Pet House Rules: Should You Be Giving Dogs Table Food?
Contributed by Dr. Alison Birken, owner and DVM of Victoria Park Animal Hospital.
What’s Wrong With Giving Dogs Table Food?
Pet parents love to spoil their pets by giving dogs table food as a way to express their love. I cannot count the number of times I hear my pet parents proudly telling me, “Last night Fluffy ate pan-seared filet mignon with garlic and herbed butter.” I secretly think to myself that Fluffy is one lucky pet, but I also know they are not considering whether it is bad food for dogs.
There are some health issues that can result from giving dogs table food. Besides potentially feeding your pup foods dogs can’t eat, consistently serving your dog human food can have other unforeseen consequences. So, what are the problems that I see as a veterinarian with feeding your dog food from the table, and what can we do to alleviate these problems?
Begging at the Table
This is a common behavioral response I see when my pet patients are offered food from the table. The moment the dishes come out, the pets are at the table begging. Some food beggars are polite and keep their distance while their parents eat, however, some cannot resist the temptation and keep reaching for the food on the table or putting their nose on your lap. While some of my pet parents do not mind this behavior, others have a difficult time with it. Try to remember, dogs adapt behaviors to what their parents have taught them is acceptable. If you are giving dogs table food, even at the end of your meal, your pet will learn that this is acceptable behavior and will act accordingly.
Not Eating Their Own Food
Dogs are going to choose a filet mignon over kibble every day of the week. Once your pets get a taste of your food, they are going to prefer it more than their dog food. I commonly receive complaints from clients that their pets will not eat their dog food. The first thing I ask is, “Are you giving your pet people food?” Almost 100% of the time the response is “Yes.” If your dog is refusing his food, the first step to getting him to eat more dog food is to stop giving them food from your table.
Obesity in pets is a growing concern. I am seeing more and more overweight pets. Just like us, obesity can lead to other diseases such as heart disease, diabetes, joint problems and more. When we feed our pets human food, it is hard to calculate how many additional calories are being added to their diets. Too often I hear from my clients that they are feeding their dogs the exact recommendations on the chart for their dog’s weight; however, they are not taking into account the extra calories their pet is getting from all the treats. When feeding your pet table food, you could be giving them a whole extra meal each day without even realizing it.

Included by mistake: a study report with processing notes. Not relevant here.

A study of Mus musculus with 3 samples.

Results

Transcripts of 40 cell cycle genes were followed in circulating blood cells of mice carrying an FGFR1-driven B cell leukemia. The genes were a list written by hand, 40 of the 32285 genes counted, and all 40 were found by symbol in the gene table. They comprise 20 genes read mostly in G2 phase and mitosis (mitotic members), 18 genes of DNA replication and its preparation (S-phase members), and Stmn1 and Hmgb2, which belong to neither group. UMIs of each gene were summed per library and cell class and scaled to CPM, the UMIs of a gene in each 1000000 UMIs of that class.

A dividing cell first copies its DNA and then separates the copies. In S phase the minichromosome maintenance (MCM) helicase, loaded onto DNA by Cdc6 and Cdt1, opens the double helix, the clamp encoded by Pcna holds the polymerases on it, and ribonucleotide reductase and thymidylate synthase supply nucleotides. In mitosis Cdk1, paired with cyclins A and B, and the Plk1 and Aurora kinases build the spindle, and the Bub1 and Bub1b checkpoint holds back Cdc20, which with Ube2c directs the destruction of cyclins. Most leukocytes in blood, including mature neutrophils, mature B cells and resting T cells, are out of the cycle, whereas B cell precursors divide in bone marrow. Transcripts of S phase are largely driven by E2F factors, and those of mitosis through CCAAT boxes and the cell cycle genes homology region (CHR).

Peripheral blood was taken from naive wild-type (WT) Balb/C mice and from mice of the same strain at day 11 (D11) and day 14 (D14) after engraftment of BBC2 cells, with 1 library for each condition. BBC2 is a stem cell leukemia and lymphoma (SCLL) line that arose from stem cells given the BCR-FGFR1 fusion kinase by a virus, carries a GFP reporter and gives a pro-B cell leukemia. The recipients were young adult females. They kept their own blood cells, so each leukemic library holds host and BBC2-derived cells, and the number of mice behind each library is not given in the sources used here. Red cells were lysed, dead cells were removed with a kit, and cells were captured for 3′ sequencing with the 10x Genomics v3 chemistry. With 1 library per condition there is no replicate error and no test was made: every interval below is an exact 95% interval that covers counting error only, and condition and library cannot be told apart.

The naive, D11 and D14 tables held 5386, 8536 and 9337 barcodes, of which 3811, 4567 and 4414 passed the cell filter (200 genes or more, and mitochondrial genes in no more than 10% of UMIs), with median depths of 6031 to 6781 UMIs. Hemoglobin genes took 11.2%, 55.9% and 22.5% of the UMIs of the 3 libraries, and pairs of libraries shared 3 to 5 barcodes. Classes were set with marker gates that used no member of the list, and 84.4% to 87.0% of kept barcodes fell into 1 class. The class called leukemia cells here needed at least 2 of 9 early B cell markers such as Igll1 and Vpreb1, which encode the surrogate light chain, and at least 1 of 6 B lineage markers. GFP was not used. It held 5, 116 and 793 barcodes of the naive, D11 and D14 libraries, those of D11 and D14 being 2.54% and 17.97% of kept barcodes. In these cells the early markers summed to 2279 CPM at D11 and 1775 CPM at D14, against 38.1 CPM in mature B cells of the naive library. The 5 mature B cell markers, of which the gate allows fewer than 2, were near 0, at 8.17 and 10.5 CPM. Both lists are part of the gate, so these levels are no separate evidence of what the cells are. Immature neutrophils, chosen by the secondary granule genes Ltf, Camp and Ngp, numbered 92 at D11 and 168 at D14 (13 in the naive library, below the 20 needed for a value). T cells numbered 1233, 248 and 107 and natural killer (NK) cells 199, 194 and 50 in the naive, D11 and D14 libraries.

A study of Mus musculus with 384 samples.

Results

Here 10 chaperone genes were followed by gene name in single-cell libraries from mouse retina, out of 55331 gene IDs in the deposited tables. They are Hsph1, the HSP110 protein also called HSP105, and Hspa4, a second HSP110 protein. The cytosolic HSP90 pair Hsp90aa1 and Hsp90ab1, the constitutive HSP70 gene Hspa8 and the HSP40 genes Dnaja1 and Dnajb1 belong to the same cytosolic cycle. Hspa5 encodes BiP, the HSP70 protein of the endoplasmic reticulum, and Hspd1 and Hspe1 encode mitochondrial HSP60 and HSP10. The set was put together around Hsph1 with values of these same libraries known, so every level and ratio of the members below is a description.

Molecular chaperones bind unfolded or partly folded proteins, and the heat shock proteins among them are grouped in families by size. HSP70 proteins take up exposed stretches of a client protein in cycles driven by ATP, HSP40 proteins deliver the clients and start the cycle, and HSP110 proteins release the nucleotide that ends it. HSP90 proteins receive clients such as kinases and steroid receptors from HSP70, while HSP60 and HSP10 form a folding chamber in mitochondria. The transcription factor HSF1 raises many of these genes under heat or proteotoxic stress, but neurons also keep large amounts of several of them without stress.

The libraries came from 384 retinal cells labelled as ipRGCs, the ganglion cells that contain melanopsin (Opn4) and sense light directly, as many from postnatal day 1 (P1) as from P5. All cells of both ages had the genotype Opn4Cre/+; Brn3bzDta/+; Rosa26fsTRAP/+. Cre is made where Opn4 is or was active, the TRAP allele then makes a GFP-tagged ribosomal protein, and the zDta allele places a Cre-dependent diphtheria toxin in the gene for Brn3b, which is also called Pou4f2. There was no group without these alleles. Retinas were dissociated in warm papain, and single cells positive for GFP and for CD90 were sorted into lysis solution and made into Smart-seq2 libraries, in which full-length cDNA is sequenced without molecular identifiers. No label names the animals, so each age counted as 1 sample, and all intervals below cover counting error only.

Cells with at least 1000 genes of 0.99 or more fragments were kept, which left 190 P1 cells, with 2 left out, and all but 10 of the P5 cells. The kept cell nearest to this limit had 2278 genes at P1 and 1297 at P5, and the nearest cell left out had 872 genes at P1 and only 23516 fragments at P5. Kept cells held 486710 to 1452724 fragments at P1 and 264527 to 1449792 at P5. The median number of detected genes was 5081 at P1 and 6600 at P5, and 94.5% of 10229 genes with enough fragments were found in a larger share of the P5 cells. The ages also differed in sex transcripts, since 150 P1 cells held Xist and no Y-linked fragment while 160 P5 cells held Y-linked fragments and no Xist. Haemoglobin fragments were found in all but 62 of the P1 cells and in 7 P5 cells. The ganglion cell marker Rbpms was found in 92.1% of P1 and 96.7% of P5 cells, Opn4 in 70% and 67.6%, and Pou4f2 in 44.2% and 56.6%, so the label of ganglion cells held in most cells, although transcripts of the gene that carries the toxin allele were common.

Many of my clients prefer to cook their meals for their fur babies. I think this is great and I always encourage homemade meals for pets. One of the biggest concerns with home-cooked diets is whether the diet is complete and balanced. If you are cooking for your pet, it is so important to make sure your fur baby is getting the proper minerals, vitamins, nutrients and portions of food.
Unlike dogs, people eat different foods daily, and our gastrointestinal tracts develop and adjust according to what we eat. On the other hand, pets are used to eating the same food every day. The flora (or natural bacteria) that reside in the gastrointestinal tract to help digest and break down foods develop and grow according to a pet’s consistent daily diet. When your pet eats something that they are not used to, like a steak or piece of cheese, their GI tracts go into shock trying to digest the new food. Human foods for dogs can result in vomiting and diarrhea, and in more severe cases, pancreatitis.
There are so many foods that are toxic to dogs. For instance, did you know that you should never feed your dog grapes, as they can cause kidney disease in pets? The following is a list of what not to feed dogs:
- Onions, garlic and chives
- Grapes, raisins and macadamia nuts
- Milk and dairy
- Salt and salty snack foods
- Xylitol (a sugar alcohol used typically in sweeteners)
- Chocolate, coffee and caffeine
- Raw/undercooked meat, eggs and bones
- Yeast dough
Make sure to avoid giving too much food from the table. If you treat your pets to your food every once in a while, make sure that it is food dogs can eat. Although food can sometimes be a symbol for love and affection, in some cases it can cause harm and illness. You don’t want to accidentally give your dog one of the toxic foods for dogs and be the reason they have to spend the night at an emergency vet or in discomfort all night. As always, your pet’s health and well-being is always my top priority!